How to avoid pitfalls when buying French property

Pre-Contract Enquiries are generally raised in English conveyancing at the outset of the transaction. Typically they consist of standard questions which the seller is asked to complete, dealing with issues such as disputes with neighbours, boundary problems, guarantees for appliances and so on.

Most people who have bought or sold a property in England will be familiar with these. In addition the English solicitor will normally raise additional enquiries which deal with any particular concerns the buyer has, normally arising from the inspection of the property.

These enquiries are normally not raised by a notaire in France and are usually resisted by estate agents in France who invariably say that it is not French practice. The reasons usually given for not dealing with the enquiries are that all matters are dealt with in the compromis de vente either by way of representations from the seller or by way of suspensive conditions allowing the buyer to withdraw before completion.

This is somewhat disingenuous because firstly the object of pre contract enquiries is to get the seller to give ‘yes’ or ‘no’ answers on specific matters which may lead the buyer to ask further questions or renegotiate the price. The standard clauses in most Compromis de Vente are not comprehensive on this point and the Compromis de Vente is usually drafted by the selling agent or the selling notaire who is unlikely to want to include any matters which might impede the sale.

Similarly, suspensive conditions can only deal with known and ascertainable problems and it is unusual for the seller to accept any suspensive condition which is widely drawn. They are normally restrictively drafted and construed against the buyer. The buyer, of course, has the additional difficulty that his deposit will already have been paid over before any problem arises.

I set out below a few of the typical problems I have encountered when acting for purchasers of French properties. There are many more! In all these cases the buyer would not otherwise have been aware of the problem if they had simply purchased using the seller’s notaire:

1.The seller initially omitted to inform the buyer that there was a long-running dispute with a neighbour regarding the construction by the neighbour of a window in his house, which overlooked the neighbour’s rear garden, and into the kitchen. The buyer was not ultimately concerned about the window but would otherwise have been unaware of the ill feeling between the two neighbours and the fact that litigation was proceeding.

2.A property on the edge of a village had outstanding views across a field. This was one of the main attractions for purchasing the property. During the course of enquiries it became apparent that the field had been purchased with a view to becoming, within the next few years, an overflow cemetery for the village. The buyer withdrew from the purchase. This would not have been covered by any suspensive conditions and it is difficult to see how the purchaser could otherwise have withdrawn from the transaction if he had found out about it before completion.

3.The boundary down one side of a rural property was not defined. The estate agent assured the buyer that a ‘bornage’ could be carried out shortly before completion. This involves putting white pegs in the land to demarcate the boundary. When we insisted on dealing with before the compromis was signed rather than on completion further enquiries of the neighbouring landowner revealed that there was a neighbour feud and that the adjoining landowner would, under no circumstances, enter into any bornage agreement with the seller of the property.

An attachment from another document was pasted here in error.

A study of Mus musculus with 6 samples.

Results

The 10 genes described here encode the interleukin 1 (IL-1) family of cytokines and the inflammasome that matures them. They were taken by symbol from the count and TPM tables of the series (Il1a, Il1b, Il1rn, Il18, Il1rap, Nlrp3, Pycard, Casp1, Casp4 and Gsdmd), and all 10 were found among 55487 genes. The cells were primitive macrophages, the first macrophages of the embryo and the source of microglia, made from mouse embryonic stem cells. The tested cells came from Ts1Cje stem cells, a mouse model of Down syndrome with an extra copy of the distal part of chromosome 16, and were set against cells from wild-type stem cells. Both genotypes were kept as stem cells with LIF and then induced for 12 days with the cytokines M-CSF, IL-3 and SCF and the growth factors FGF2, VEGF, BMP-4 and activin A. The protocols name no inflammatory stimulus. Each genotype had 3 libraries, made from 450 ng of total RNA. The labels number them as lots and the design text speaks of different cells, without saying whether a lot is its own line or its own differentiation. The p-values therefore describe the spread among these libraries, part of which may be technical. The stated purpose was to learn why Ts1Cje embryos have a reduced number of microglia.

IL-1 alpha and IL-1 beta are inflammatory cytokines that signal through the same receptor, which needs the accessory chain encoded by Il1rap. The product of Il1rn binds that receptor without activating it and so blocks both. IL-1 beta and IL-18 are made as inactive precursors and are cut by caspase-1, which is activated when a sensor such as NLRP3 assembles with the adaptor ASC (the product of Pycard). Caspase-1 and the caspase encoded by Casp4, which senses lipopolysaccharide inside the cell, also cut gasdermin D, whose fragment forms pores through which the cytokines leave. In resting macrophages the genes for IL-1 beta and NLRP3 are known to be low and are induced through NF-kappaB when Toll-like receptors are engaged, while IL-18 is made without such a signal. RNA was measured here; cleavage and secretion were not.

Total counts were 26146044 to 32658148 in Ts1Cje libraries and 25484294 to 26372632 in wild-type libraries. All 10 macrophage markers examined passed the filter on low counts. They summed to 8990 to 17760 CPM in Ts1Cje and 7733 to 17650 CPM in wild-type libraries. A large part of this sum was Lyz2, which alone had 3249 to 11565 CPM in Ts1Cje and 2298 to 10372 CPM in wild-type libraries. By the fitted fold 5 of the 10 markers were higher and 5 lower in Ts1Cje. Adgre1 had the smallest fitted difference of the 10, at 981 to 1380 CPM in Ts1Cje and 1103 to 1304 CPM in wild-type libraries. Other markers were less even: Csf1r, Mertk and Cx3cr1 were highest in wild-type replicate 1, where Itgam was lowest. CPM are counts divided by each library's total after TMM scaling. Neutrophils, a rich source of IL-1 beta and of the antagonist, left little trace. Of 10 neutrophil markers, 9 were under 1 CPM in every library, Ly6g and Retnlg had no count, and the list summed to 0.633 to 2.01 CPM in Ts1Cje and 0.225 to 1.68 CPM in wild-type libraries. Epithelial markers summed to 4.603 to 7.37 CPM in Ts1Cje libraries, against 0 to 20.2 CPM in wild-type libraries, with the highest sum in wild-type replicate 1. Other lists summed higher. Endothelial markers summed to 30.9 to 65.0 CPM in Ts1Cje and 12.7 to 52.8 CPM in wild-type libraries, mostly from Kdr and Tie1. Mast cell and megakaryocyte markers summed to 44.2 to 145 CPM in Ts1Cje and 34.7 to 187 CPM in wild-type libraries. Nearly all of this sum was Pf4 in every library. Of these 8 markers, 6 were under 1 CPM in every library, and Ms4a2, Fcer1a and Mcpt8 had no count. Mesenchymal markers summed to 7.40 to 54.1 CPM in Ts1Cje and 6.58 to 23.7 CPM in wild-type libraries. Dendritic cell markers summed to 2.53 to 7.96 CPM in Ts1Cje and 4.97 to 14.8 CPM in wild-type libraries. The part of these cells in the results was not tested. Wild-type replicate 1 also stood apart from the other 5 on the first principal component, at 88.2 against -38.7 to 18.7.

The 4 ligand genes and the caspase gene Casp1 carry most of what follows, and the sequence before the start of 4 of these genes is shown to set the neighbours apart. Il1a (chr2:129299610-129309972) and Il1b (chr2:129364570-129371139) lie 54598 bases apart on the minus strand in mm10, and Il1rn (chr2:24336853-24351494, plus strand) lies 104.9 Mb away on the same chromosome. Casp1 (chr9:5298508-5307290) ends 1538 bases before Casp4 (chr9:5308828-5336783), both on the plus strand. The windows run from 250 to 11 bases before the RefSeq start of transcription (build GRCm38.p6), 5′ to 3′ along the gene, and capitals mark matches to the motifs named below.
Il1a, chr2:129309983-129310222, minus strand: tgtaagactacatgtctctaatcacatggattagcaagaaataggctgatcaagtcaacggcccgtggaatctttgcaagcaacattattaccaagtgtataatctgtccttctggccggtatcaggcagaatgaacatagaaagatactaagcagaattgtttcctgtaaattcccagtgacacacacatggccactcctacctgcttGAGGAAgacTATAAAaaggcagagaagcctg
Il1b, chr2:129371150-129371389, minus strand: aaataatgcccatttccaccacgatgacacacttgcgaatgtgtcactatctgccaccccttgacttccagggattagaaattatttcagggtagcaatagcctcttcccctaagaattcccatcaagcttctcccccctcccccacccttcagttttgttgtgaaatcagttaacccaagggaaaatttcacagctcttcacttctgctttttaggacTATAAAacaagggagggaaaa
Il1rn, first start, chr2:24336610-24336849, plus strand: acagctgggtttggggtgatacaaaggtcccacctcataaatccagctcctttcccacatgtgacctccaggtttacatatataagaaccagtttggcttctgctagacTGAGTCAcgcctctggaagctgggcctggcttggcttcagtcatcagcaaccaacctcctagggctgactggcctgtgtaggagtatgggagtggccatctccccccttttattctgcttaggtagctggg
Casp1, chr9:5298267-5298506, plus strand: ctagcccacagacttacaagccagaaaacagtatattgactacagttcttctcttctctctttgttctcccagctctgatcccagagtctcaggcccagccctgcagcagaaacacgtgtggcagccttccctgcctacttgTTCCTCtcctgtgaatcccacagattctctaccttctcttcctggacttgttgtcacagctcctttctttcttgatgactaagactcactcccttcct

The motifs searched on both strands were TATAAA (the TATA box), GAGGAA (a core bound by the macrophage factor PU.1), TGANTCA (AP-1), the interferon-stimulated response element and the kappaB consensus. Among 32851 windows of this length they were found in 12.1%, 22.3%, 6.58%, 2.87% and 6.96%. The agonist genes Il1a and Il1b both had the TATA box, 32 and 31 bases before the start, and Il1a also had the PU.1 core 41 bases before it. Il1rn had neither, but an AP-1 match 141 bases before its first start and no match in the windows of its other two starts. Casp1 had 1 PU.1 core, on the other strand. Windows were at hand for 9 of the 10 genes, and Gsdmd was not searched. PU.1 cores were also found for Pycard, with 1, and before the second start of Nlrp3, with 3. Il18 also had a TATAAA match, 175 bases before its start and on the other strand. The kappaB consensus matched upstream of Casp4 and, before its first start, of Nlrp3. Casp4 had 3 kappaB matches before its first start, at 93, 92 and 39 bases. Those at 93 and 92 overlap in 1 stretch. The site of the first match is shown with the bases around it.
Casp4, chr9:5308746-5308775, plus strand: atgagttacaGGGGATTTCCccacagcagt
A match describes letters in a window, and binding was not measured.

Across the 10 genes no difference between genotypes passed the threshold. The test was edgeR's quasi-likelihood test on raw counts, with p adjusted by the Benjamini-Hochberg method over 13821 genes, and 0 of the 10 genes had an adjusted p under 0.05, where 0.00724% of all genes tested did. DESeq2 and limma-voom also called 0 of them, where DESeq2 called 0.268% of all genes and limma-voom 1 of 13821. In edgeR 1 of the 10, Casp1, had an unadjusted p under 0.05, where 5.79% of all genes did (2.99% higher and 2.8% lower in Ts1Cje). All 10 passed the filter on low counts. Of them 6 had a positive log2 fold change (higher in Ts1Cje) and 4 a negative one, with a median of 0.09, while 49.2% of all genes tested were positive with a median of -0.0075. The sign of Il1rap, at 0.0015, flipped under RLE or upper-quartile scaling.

4.The contract contained the usual termite and lead reports but the asbestos report was blurred on the copy. There were difficulties in obtaining a clear copy of the asbestos report though when one was finally produced it revealed extensive asbestos in the house.

5.The property being purchased had a chemin rural (rural road) between the main house and a field to the rear of the property. The seller and the selling agent were adamant that there was no possibility of this being used for any other purpose. It became apparent during further enquiries that there was a possibility of a housing development of fields relatively close to the property and the risk that the chemin rural would become more heavily used by traffic accessing the area to be developed.

6.A smart flat in a fashionable tourist resort was purchased with a view to holiday rentals. Assurances were given that there would be no difficulty with holiday lets. The co property rules were ambiguous on the question of holiday lets though enquiries of the management company resulted in the production of the minutes of the coproperty meetings which showed hostility within the building to any holiday lets. It also showed moves afoot to change the co property rules to prohibit any holiday lets.

The golden rule is that you cannot be too careful and if the seller tells you not to conduct a full investigation then you should become very suspicious. You should also be very suspicious of any property, which is described as a ‘bargain’ as, in my experience, bargains only exist with very real related problems, which the purchaser will have to resolve.

David Anderson is solicitor and chartered tax adviser at Sykes Anderson LLP.

Please note that taxation and property are complex subjects and you should not take or refrain from taking any step without full independent advice on the particular facts of your case. The content of this article is of a general nature and no liability is accepted in connection with it.